Coping with radical novelty requires an orthogonal method. One must consider one's own past, the experiences collected, and the habits formed in it as an unfortunate accident of history, and one has to approach the radical novelty with a blank mind, consciously refusing to try to link it with what is already familiar, because the familiar is hopelessly inadequate. One has, with initially a kind of split personality, to come to grips with a radical novelty as a dissociated topic in its own right. Coming to grips with a radical novelty amounts to creating and learning a new foreign language that can not be translated into one's mother tongue. (Any one who has learned quantum mechanics knows what I am talking about.) Needless to say, adjusting to radical novelties is not a very popular activity, for it requires hard work. For the same reason, the radical novelties themselves are unwelcome.
By now, you may well ask why I have paid so much attention to and have spent so much eloquence on such a simple and obvious notion as the radical novelty. My reason is very simple: radical novelties are so disturbing that they tend to be suppressed or ignored, to the extent that even the possibility of their existence in general is more often denied than admitted.
OnStartups.com offers a short explanation of the importance of usability to a startup's prospects, framed as an argument that founders should be developers first, and usability experts second.
#1. Developer. If a web startup has only one founder, it should be a brilliant developer. And by a developer, I mean a developer — someone who can produce, release and maintain working code. Not a CTO or “architect”. Not someone who thinks they can recruit developers or someone who knows someone who runs a development shop in Croatia. An actual developer.
#2. Designer / UI / UX person. If the startup has two founders, the other founder should be a brilliant designer-type. By this, I mean someone that can take a problem that humans have and come up with a software solution that humans want to use — repeatedly and delightedly. I think great design talent has always been useful in a software company — now, it’s become crucial.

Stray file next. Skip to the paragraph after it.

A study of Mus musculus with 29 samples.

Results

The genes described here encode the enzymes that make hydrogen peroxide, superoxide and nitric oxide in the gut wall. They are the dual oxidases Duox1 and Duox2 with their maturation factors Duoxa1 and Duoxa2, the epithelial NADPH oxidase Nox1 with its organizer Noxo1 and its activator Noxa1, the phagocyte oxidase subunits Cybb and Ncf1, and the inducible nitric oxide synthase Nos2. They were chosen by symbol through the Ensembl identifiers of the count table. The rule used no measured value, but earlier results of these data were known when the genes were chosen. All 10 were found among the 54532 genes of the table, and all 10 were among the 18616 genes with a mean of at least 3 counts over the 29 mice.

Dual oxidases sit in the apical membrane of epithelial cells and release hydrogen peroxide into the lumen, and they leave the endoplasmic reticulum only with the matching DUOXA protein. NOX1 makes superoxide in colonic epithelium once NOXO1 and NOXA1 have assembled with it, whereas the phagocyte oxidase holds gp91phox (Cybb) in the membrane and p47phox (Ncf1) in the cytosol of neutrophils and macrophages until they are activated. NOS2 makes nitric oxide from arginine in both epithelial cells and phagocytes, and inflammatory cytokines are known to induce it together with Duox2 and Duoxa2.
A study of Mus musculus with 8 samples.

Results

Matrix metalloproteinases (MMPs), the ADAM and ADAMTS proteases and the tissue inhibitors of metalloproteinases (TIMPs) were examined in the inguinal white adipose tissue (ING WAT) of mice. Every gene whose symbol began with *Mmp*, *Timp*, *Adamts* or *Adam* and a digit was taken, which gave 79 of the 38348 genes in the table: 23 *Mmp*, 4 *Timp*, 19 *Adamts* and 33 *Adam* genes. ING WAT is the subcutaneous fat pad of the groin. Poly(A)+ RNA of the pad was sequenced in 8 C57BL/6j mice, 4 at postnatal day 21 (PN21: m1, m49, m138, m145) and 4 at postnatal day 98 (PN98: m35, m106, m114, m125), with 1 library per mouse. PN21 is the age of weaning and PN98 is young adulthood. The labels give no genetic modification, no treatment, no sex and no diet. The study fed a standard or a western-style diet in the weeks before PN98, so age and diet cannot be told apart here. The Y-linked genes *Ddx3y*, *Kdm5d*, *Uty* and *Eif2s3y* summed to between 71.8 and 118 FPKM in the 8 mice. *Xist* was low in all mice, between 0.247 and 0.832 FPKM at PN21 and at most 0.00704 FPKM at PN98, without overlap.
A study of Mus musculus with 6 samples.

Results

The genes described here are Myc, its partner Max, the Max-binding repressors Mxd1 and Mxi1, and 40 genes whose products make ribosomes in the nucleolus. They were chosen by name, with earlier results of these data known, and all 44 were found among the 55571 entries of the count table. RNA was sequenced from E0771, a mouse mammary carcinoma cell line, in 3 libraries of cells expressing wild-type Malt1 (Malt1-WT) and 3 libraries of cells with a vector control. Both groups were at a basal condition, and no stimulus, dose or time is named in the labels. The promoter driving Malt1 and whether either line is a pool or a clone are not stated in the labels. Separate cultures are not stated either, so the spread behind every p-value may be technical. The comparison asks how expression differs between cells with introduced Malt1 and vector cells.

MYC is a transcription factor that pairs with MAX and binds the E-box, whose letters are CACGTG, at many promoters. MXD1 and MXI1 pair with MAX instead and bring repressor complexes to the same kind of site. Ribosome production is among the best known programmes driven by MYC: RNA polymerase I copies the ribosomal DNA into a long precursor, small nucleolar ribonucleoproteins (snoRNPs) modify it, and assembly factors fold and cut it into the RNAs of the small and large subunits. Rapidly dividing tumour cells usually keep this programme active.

#3. Inbound Marketer. If the startup has three founders, the third one should be an inbound marketer. An inbound marketer is someone who is good at pulling people in (vs. pushing a message out). I decidedly don’t mean someone that’s good at spending a marketing budget on advertising to try and find people that are interested. I mean someone that will create remarkable content that will attract traffic, users and customers.
#4. Sales Person. If there’s a fourth founder on the team (which I’m not a big fan of by the way), it might be useful to have a sales person. And, remember, startups don’t need a VP of Sales — they need actual sales.
Curiously, other than mentioning its effect on sales, the article overlooks the benefits of usability to cash flow. Viral word-of-mouth, increased sign-up rate, reduced churn, and lower support costs, all stretch your startup dollar farther. This is why startup needs a business co-founder. Your usability won't get used if you don't have the cash flow to let users keep using...
“Complexity should be abstracted, synthesized down to the simplest possible interface for instant gratification, with the shortest possible learning curve—that is the wave of the future.”
Michael Okuda's and Gene Roddenberry's emphasis on ease of use as driving factor behind technology made their devices seem prescient. I enjoyed this Ars Technica discussion of Star Trek's PADD versus today's iPad, and what happens when the software defines how the device can be used.
Interestingly, Okuda notes part of his emphasis on simplicity originally came from budget constraints. This is another example of my theory that price vs performance need not be a trade off. By aiming for simplicity and elegance instead, technologists can achieve higher performance at a lower cost.